A clogged prison system and mounting costs to maintain Georgia's criminal justice system are prompting state lawmakers to consider several changes, among them to alter offender sentences.
A criminal justice commission outlined its recommendations in a recent report, with its plans to be proposed in the 2012 legislative session.
The move has drawn considerable support from several politicians and judges including Gov. Nathan Deal and his son, Jason Deal, a superior court judge for the Northeastern Judicial Circuit.
"We've got to find some ways to make changes to make financial sense while keeping the community safe," said Jason Deal, who heads an alternative sentencing program for drug offenders in Hall County.
Those costs are becoming a financial burden for state taxpayers who shell out more than $1 billion annually on corrections while the recidivism rate has remained stagnant at 30 percent over the past decade.
If nothing is done to change sentencing regulations, those costs are expected to increase by another $264 million by 2016, with an additional 60,000 state inmates.
Most inmates in state prisons are drug and property offenders. In fact, nearly 60 percent of them are booked on such charges, and many are labeled as lower-risk offenders.
"We must address the portion of the prison population that is in prison for drug-related offenses and try to get them treatment outside of the prison system," said Judge Todd Markle, who serves on the superior court bench in Fulton County and was appointed as chairman for the Special Council on Criminal Justice Reform for Georgians.
In 2010, 5,000 prisoners deemed as lower risk were locked up for the first time. Each year, more than 3,200 offenders are imprisoned on drug possession convictions.
The council believes providing more assistance and rehabilitation programs outside of prison is the solution to helping those offenders and saving millions of dollars.
"There are a lot of programs. We know a lot more now than we did 20 years ago about things that work to deal with drug addictions and things of that nature," Markle said.
Some judges believe that by giving judges and other court officials more sentencing flexibility, the state could save money and decrease the number of low-risk offenders in the prison system.
"The majority of cases that are closed are closed by negotiation, so a lot of the sentencing schemes that don't allow discretion not only tie the hands of judges, but also tie the hands of prosecutors," Judge Deal said.
"The (district attorney) and the judge are elected for a reason. To allow them some discretion is a good thing."
The crowded state prison system wasn't the council's only concern. It also scrutinized the state's ability to effectively supervise probationers and parolees.
That population has seen significant growth as well.
Since 2000, the state's felony probation population has increased by 22 percent to 156,000. The parole population has increased 9 percent to 22,000.
While the council believes programs to identify and supervise high-risk offenders are effective, it's concerned about a lack of resources to properly supervise them.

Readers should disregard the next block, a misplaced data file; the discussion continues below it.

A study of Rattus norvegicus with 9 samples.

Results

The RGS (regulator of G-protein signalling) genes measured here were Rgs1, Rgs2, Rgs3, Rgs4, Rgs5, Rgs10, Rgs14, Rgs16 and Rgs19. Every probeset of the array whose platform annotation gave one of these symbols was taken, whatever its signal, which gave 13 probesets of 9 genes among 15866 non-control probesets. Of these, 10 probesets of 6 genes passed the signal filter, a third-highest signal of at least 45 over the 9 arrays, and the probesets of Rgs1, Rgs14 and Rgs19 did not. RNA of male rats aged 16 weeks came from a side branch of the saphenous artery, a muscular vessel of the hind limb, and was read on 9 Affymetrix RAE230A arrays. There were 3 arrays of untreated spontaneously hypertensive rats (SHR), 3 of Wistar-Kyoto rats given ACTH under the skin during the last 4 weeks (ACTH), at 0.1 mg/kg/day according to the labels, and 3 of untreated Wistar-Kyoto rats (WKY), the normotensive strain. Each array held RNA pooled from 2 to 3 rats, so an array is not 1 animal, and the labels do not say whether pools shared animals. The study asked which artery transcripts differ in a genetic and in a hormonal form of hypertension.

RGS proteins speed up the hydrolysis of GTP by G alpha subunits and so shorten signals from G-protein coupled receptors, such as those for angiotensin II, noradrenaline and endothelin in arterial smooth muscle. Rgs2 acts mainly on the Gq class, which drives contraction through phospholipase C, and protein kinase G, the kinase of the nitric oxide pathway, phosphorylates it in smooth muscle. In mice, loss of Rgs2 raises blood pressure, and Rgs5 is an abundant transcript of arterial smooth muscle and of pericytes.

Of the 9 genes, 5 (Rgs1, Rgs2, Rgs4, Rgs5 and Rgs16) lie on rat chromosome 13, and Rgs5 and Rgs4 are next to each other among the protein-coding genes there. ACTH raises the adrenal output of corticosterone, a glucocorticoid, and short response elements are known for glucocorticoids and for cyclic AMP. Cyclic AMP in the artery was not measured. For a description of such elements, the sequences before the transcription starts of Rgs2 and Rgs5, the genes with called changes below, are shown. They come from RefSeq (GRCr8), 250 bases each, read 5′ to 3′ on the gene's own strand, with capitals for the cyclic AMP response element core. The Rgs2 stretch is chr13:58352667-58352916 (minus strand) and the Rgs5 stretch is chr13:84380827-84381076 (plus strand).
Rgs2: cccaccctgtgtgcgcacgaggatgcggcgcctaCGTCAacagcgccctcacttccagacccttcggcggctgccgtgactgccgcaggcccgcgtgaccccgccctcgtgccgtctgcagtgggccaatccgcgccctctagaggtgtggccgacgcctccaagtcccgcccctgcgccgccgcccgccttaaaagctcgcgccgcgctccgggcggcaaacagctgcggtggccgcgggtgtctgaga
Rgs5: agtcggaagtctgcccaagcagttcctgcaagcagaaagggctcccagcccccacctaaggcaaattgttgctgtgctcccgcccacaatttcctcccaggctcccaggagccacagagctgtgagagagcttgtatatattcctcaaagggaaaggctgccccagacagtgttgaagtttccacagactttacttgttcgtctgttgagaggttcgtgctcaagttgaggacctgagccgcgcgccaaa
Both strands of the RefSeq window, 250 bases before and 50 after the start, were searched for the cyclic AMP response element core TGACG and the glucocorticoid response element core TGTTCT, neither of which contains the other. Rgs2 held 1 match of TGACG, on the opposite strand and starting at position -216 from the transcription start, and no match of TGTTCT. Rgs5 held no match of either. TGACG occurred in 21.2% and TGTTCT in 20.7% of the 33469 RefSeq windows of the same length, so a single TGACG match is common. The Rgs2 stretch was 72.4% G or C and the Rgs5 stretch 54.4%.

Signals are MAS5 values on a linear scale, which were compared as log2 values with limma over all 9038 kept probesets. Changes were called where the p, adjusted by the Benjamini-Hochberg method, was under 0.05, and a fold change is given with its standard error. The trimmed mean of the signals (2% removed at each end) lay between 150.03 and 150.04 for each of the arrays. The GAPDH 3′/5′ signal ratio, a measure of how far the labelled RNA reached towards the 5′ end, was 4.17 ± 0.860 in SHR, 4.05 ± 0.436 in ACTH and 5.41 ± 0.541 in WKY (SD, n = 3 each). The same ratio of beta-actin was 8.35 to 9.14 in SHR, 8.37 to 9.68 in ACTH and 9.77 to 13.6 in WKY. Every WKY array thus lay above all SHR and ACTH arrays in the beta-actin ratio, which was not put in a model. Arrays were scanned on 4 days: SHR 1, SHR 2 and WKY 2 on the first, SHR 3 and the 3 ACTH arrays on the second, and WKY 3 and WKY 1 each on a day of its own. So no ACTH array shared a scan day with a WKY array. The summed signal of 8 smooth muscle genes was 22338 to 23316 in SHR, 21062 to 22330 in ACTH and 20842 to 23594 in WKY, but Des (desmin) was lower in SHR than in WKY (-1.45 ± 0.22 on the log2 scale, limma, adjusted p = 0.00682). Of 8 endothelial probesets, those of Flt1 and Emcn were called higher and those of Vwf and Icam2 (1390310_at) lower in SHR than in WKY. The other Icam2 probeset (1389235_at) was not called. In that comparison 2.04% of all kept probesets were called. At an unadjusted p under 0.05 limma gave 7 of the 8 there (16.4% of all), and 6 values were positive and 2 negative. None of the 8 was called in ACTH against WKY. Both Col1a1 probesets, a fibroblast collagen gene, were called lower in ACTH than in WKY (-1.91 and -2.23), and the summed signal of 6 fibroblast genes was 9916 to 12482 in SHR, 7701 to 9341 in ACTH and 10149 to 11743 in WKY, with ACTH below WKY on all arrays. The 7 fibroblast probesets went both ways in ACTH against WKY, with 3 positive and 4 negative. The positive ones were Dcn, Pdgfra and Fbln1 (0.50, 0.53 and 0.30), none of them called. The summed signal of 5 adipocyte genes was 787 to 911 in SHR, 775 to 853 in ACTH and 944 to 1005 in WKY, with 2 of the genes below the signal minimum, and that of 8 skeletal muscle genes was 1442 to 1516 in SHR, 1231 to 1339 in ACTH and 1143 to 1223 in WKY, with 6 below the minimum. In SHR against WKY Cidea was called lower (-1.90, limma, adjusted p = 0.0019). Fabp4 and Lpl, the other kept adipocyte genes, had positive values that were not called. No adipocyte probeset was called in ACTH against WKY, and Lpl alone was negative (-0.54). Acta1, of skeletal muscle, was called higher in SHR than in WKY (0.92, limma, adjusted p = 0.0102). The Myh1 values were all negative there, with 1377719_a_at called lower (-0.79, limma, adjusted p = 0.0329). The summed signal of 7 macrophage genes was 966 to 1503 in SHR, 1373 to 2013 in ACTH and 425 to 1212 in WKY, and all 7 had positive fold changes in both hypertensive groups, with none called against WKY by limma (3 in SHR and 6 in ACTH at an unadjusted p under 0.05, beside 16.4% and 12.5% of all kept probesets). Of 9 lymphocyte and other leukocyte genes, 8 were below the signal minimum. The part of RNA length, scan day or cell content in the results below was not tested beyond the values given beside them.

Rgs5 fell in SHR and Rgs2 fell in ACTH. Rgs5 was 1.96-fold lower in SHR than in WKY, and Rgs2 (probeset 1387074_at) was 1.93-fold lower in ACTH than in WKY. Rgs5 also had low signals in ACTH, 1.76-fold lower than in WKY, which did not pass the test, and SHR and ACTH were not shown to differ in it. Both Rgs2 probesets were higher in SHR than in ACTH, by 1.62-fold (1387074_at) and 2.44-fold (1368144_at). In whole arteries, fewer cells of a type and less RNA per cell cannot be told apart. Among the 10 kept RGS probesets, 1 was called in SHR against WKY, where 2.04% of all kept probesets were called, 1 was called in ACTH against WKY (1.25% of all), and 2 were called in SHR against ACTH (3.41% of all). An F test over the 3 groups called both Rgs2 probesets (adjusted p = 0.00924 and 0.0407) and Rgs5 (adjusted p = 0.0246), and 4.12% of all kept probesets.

The council suggested eliminating dual supervision of offenders. Currently, some offenders are supervised by both probation and parole officers at the same time, which the council says wastes resources.
By reducing prison population, the state could save millions that could go toward funding programs to adequately supervise offenders and create programs to ensure they don't return to the penal system. Those proposals could require a large investment to get started, but proponents believe it will pay off in the long run.
Those rising populations aren't a result of bad policing, Markle said.
"I think the law enforcement is doing their jobs and they're doing it well," he said.
He believes the problem began in the mid-1990s when the state built additional prisons and created stricter sentencing guidelines.
"We really have incarcerated a lot of folks that I think we can better address their issues than by just throwing them in a prison cell," Markle said. "We can't keep doing those things without bankrupting the state."
Other added finances could come from increases in minimum fines for various felonies such as theft, burglary and forgery, which have not been updated in nearly 30 years.
The felony theft threshold in the state is $500 and hasn't changed since 1982. The council suggests adjusting that standard for inflation and increasing it to $1,500.
"You're having folks who are being charged with felonies when really it's a fairly trivial amount just by some arbitrary number. We were really just trying to address that and there is significant impact on the prison population," Markle said.
As a result of increasing those minimums, Markle said it could adjust for inflation and deter people from committing those crimes.
Some charges currently listed as misdemeanors are being looked at as well. Although it's rare a speeding conviction will result in jail time, those offenders still have the right to a court-appointed attorney.
"There are many misdemeanor driving offenses now that probably could be made noncriminal that could save the state money and still be a deterrent for people that would violate the driving laws," Judge Deal said.
He recommends changing such offenses to civil offenses where there is no possibility of jail time, and where the state isn't required to provide an attorney.
By the start of the legislative session in January, lawmakers are expected to have prepared at least an initial draft of proposals. More changes could then be added or tweaked over years.
Markle said hearings are also expected in mid-December.